I counted myself among the lucky ones, while the city drowned. How lucky to be dry. How lucky to have water to drink, a toilet that flushed. How lucky to be parcelling food and not waiting for it. How lucky to be in my own clothes, and to have excess to give. And even when the power went out and took all lines of communication with it, how lucky to have little to do on a lightless night but to tell stories.
In hundreds of cultures, there is a legend about a Great Flood. The most well-known one comes from the landlocked region of the Abrahamic religions: Noah, and his ark of animals. Strangely, the elements of this myth are echoed in folklore everywhere: from the Aztec story of Tapi to the Masai story of Tumbainot to the Alaskan story of Kunyan. The common tale is as follows: that the world is punished with a terrible deluge because of human wickedness, and a chosen person or family build a vessel in which pairs of animals also took shelter. After days or weeks at sea, they finally release a bird or beast that returns, bringing a symbol of hope and dry land.
Hindu lore also contains a similar story: that of Matsya, the fish or fish-man, the first avatar of Vishnu. He warns Shraddhadeva Manu, a Dravidian king, of an impending deluge, and instructs him to build and fill an ark with animals, grains, seven sages and his own family – enough, as in every version of this tale, for a new world to come.
There are plenty of other twists, other downpours and other tales.
The Yuma of Southwest America have a flood tale which is also the origin story of the desert: a divine deluge is sent to eradicate dangerous animals, but when people insist that some of them must be kept for food, the waters are evaporated by a too-powerful fire. A beautiful Nigerian story goes that the moon and the sun were married, and their friend the flood demurs to visit their home but they insist; finally, the waters come through the doors and rise so high that the couple must live in the sky. In many South American flood stories, human survivors are turned into monkeys who slowly regain human attributes.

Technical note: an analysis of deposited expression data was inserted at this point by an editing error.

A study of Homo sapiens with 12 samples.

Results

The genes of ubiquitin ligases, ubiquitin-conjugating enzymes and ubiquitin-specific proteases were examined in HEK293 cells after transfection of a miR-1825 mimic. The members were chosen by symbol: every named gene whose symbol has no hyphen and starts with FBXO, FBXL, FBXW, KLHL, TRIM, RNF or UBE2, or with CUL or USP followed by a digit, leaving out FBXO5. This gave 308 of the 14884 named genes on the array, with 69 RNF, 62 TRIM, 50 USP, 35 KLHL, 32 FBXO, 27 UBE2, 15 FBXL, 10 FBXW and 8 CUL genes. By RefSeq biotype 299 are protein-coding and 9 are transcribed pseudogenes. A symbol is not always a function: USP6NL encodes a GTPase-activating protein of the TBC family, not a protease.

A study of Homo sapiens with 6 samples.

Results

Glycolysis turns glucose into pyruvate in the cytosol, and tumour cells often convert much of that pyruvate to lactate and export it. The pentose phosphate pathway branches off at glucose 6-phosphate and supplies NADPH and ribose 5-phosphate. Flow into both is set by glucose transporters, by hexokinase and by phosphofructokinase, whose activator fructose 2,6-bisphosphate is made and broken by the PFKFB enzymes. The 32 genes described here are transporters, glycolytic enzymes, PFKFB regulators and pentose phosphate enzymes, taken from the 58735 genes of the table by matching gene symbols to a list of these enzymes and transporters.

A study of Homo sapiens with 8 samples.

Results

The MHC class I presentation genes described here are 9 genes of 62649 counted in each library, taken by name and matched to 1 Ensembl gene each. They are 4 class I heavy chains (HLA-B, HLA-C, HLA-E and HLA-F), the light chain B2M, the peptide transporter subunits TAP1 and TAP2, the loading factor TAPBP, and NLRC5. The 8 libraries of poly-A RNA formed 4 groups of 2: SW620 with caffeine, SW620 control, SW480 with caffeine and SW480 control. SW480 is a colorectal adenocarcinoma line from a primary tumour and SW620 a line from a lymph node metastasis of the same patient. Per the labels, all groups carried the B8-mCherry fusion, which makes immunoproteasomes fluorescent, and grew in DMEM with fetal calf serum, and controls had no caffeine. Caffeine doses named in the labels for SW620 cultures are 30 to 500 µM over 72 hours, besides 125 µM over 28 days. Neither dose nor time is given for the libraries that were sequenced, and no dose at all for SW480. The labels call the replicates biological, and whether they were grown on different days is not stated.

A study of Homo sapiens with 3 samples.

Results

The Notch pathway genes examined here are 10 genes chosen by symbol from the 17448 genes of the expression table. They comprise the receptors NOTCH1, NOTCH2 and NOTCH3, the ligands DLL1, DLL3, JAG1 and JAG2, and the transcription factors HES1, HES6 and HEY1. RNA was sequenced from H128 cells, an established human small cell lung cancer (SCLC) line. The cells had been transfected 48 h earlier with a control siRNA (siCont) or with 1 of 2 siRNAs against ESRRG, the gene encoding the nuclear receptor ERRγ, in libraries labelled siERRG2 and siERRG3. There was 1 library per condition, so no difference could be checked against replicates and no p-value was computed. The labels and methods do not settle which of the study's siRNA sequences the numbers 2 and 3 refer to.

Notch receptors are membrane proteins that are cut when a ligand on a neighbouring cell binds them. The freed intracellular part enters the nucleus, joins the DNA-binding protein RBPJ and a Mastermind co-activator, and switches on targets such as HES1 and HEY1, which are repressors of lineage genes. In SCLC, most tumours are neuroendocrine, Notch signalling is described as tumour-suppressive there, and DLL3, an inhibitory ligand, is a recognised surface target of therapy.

Primordial water is the origin of all life. A flood myth is essentially a second chance, to recreate: what must we do, once the earth is once again beneath our feet?
So many stories to tell by candlelight, in a storm, as one waits for the next opportunity to give, to get back out there and connect people, gather supplies, support the bravest among us all who wade into the worst-hit areas. I will not romanticise what it is like to wait, in that same darkness, for rescue.
When the floodwaters abate, there will be other stories. Among them, most of all, will be stories of ordinary heroism; ordinary because the massive outreach effort that the people of Chennai have shown is how humanity should always be. It should be ordinary to care. It should be habitual to think of others.
Flood stories are about destruction and punishment, but they are also about cleansing and renewal. They are about the obligation of survivors to question the methods of the past, and to build a future based on the wisdom of loss. What will we do differently, Chennai, now that we know how much we want that difference?
An edited version appeared in The New Indian Express on December 7th. “The Venus Flytrap” appears in Chennai’s City Express supplement.